What is a Debt-to-Income Ratio?
If you or someone you know is struggling with debt, there's a good chance you have heard of a debt-to-income ratio. A debt-to-income ratio, or a DTI, is the percentage of an individual's monthly gross income that goes toward paying debts. It is important to note that DTIs cover more than just debts - they can include the principal, taxes, and fees of any type of loan, as well as other payments such as insurance premiums. With so many expenses facing the majority of consumers, a debt-to-income ratio is divided into two different types - the front-end ratio and the back-end ratio.
The first DTI, commonly called the front-end ratio, refers to the percentage of your income that covers housing costs. If you current rent an apartment, the front-end ratio would include the amount of rent you owe. If you own a home, the front-end ratio would include your mortgage principal and interest, property taxes, and if it applies, your mortgage insurance premium, homeowners insurance premium, and homeowners association dues.
The second DTI, most often referred to as the back-end ratio, includes the percentage of your income that goes toward paying all other routine debt payments, as well as those covered by the front-end ratio. There are several different sources of debt, but most stem from loans you are in the process of paying off or purchases you have made using your credit card. As a result, back-end ratio includes student loan, car loan, and credit card payments. In addition, any type of legally-sanctioned payment such as child support or alimony is part of the back-end ratio.
When you are applying for a loan, such as a mortgage, the lender typically requires a certain debt-to-income ratio to determine whether you qualify, as well as your expense levels throughout the course of your payment plan. For example, a lender may require a debt-to-income ratio of 25/33, with 25% of your monthly gross income covering the front-end ratio and 33% of your monthly gross income covering the back-end ratio. If your gross monthly income is $4,200, $1,050 would be allowed to cover the cost of housing expenses and $1,386 would be allowed to cover the cost of housing expenses plus any recurring debt.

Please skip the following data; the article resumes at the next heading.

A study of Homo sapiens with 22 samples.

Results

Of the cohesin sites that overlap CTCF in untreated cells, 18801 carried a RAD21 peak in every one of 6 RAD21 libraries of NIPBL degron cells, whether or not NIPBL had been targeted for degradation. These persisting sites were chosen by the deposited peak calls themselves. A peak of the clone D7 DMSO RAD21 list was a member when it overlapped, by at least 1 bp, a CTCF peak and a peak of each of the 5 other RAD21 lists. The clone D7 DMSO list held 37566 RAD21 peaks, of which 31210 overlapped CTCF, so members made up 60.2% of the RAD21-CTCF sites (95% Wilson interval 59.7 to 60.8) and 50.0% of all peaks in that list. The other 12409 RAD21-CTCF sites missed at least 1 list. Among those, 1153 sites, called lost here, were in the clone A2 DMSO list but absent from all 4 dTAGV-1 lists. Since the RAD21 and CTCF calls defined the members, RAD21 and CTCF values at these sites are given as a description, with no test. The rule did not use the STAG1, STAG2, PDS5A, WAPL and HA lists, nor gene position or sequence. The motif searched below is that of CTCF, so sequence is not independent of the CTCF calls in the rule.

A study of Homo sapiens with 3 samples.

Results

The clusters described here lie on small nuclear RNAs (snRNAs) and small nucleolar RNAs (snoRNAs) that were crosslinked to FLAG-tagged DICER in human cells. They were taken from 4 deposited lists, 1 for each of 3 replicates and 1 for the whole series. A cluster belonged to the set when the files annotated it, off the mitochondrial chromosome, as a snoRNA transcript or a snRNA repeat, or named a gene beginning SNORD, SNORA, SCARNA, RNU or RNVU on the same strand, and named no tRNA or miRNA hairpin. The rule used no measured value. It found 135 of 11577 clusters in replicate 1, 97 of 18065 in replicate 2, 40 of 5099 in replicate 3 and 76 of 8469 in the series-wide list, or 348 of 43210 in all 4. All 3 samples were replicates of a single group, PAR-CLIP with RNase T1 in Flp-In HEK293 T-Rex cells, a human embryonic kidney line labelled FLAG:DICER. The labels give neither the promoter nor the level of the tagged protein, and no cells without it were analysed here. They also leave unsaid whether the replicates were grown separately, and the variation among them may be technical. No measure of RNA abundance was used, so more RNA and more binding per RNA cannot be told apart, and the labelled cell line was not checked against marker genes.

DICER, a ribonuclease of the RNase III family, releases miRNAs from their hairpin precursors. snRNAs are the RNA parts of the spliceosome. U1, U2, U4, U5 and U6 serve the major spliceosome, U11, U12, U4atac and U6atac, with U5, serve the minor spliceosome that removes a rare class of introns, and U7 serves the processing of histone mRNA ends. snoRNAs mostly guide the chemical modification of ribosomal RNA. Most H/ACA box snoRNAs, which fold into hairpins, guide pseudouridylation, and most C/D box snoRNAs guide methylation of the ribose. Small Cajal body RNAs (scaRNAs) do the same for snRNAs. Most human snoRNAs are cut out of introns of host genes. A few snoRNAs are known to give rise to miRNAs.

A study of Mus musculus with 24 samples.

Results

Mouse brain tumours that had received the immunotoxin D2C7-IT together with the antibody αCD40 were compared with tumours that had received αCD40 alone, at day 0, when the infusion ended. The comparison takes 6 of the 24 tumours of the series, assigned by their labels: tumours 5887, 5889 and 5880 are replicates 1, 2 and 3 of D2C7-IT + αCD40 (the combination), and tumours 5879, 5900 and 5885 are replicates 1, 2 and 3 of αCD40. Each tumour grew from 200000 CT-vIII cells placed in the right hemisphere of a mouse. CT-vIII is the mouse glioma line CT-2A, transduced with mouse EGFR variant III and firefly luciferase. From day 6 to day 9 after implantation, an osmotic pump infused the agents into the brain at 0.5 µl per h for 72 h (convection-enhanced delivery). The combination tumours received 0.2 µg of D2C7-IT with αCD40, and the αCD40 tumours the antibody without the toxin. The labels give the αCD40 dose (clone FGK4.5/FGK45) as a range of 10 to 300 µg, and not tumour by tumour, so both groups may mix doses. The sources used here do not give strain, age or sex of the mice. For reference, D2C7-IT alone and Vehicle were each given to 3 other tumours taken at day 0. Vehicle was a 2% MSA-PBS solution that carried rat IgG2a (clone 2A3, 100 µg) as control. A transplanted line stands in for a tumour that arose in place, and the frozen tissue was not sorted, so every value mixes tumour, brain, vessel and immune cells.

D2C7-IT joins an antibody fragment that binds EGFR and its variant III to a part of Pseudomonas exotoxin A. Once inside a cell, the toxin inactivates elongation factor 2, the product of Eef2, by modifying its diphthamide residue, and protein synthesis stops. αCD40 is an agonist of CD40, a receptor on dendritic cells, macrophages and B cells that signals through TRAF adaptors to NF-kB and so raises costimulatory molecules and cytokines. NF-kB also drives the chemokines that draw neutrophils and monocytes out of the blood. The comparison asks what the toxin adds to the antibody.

Shift in DTI Limits
For qualifying borrowers, DTI limits are set by the government and can shift due to changes in the economic landscape. For instance, in the 2000s, the real estate bubble contributed to looser credit and the back-end ratio increased. Many people who were probably not supposed to be approved for a mortgage received financing - eventually leading to the subprime mortgage crisis. After the crisis, credit tightened and many borrowers saw the DTI shift downward, thereby making it harder to get a loan. In general, by understanding the ins and outs of a debt-to-income ratio, you will have a better grasp on the ways in which your outstanding payments affect your borrowing opportunities and your overall financial outlook.